What Does War Cost?
(Spoiler alert: In this post, I describe important plot lines of the movie In the Valley of Elah as well as some grisly details of a homicide.)
Recently, I saw the film In the Valley of Elah. Starring Tommy Lee Jones, the film tells the story of a retired Vietnam veteran named Hank (Jones) who is informed that his son Mike is absent without leave (AWOL) having just returned from a deployment to Iraq. Finding this to be out of character for his son, Hank quickly heads from his home in Tennessee to his son’s base in New Mexico to investigate. Because he was a military police officer, Hank spots a number of holes in the stories he is told about his son who has apparently vanished.
When police find Mike’s body dismembered and burned in a field, there is the usual silence and stonewalling from various military officials . How did this happen? Who would have done such a thing? Was Mike a drug dealer? What might Mike have been involved with that might explain his death? What happened to him in Iraq? Hank finds Mike’s cell phone and with the help of a technician is able to look at some of the video on the phone. The videos on the phone are jarring to say the least but they provide a lens by which Hank—and movie goers—see some of the grim reality that Mike experienced before his death.
Hank realizes that Mike’s buddies in his military unit are lying about their last night together, but Hank knows that this does not suggest their guilt because soldiers do not kill each other. Or do they? The truth is that Mike’s comrades murdered him and then lied about that night, the night after they all returned from Iraq.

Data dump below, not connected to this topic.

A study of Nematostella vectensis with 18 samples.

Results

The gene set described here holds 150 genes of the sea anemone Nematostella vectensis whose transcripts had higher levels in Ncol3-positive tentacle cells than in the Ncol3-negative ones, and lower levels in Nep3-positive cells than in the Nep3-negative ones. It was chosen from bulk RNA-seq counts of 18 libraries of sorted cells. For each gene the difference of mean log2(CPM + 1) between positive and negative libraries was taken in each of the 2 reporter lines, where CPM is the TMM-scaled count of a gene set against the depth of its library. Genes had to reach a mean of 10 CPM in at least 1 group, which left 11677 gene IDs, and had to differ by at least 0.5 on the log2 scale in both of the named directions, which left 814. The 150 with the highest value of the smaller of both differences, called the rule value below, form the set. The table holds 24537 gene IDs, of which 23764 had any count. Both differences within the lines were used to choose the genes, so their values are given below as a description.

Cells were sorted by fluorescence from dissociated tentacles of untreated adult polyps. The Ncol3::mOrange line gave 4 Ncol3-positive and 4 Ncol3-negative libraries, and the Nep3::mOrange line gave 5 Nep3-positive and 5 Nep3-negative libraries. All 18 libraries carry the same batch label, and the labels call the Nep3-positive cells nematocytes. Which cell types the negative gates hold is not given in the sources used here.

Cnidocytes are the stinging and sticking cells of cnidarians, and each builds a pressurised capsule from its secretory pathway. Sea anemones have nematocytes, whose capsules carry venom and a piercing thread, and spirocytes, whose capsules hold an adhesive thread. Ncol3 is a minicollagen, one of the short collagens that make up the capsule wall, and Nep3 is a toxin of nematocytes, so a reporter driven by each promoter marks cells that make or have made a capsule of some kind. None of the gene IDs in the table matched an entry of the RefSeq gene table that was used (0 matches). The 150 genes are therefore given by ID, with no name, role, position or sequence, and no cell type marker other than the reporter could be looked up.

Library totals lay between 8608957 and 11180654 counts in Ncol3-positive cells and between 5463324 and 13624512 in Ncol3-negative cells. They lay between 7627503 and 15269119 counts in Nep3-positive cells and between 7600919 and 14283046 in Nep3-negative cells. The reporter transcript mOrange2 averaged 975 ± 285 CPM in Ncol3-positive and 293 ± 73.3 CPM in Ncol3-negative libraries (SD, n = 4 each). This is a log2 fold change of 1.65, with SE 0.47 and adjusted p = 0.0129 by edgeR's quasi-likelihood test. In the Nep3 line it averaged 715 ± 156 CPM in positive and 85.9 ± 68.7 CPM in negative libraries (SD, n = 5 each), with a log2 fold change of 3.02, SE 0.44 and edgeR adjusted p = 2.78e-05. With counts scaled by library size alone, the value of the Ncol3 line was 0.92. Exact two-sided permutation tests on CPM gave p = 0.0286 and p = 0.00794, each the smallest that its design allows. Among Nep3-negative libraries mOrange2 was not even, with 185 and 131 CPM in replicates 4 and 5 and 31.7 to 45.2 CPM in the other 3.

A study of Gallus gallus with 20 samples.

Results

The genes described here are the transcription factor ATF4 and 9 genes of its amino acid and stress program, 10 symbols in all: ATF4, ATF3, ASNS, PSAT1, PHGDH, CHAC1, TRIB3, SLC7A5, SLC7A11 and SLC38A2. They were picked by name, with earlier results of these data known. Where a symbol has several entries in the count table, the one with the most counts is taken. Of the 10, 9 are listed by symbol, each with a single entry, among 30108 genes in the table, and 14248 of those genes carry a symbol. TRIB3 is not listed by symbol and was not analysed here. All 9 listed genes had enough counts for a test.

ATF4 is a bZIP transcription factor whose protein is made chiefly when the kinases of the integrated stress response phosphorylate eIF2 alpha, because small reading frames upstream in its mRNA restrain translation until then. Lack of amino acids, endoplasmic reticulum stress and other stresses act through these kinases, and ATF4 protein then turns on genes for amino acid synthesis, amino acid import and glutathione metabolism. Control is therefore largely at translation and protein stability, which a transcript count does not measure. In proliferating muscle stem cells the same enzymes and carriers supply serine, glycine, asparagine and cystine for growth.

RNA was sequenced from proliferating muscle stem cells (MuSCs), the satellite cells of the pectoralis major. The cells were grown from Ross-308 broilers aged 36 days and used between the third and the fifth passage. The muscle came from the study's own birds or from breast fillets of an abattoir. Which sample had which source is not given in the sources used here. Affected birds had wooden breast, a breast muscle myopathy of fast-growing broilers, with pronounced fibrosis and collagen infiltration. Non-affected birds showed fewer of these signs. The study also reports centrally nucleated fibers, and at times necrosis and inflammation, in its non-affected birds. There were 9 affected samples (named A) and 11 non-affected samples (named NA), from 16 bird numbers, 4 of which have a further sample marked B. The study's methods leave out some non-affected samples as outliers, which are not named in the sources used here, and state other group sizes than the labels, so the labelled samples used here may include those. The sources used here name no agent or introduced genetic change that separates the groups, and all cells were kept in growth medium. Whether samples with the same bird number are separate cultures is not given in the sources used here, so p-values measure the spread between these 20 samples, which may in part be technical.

Initially, I was surprised to learn that this film was based on the real life murder of Army veteran Specialist Richard T. Davis in 2003. As in the movie, Davis was reported AWOL to his retired veteran father who then investigated his son’s disappearance. One night after returning from Iraq, Davis and some other soldiers went out; they drank and fought and one of the soldiers stabbed Davis (Alberto Martinez) at least 33 times. The soldiers then bought lighter fluid, returned to the crime scene, lit Davis’ body on fire and then buried it in the woods.
As alarming are the numbers of suicides by U.S. soldiers which have skyrocketed since the start of the Iraq war to more than 2,100 attempts in 2007 compared to 350 in 2002, the year before the war began. The New York Daily News headline “More soldiers committed suicide in January than killed by Al Qaeda” highlights the fact that the suicide rate in the Army is the highest it has been in 30 years—143 in 2008. The other leading concerns discussed—PTSD, depression, and drug use—might both be related to these suicides as returning soldiers find their relationships unraveling as they struggle with untreated, maybe undiagnosed mental health problems. They turn to drugs and alcohol for comfort and some finally commit suicide. (Thirty-one year old veteran Josh Barber’s suicide illustrates some of these complex relationships among these factors.)
You may recall that I was initially surprised to learn that In the Valley of Elah was based on a real homicide. Although I found the answer to the “whodunit” in the movie shocking and continue to be distressed by the crime, as a mental health professional and sociologist I have often worried and wondered about the impact of war on soldiers. (This is distinct from issues related to the impact of war on civilians in war-torn countries.) How do soldiers train for and act on that training to destroy others but reintegrate into a peaceful society? What do we owe veterans as they grapple with these experiences? Are these questions related to ideology? In other words, are those “for” either war more or less concerned with these questions than those “against” them?
Surely you’ve heard various dollar figure costs of the war in Iraq and the one in Afghanistan. But what about the psychological toll experienced by soldiers? How do we measure those costs? What other psychological and sociological costs do you think wars create?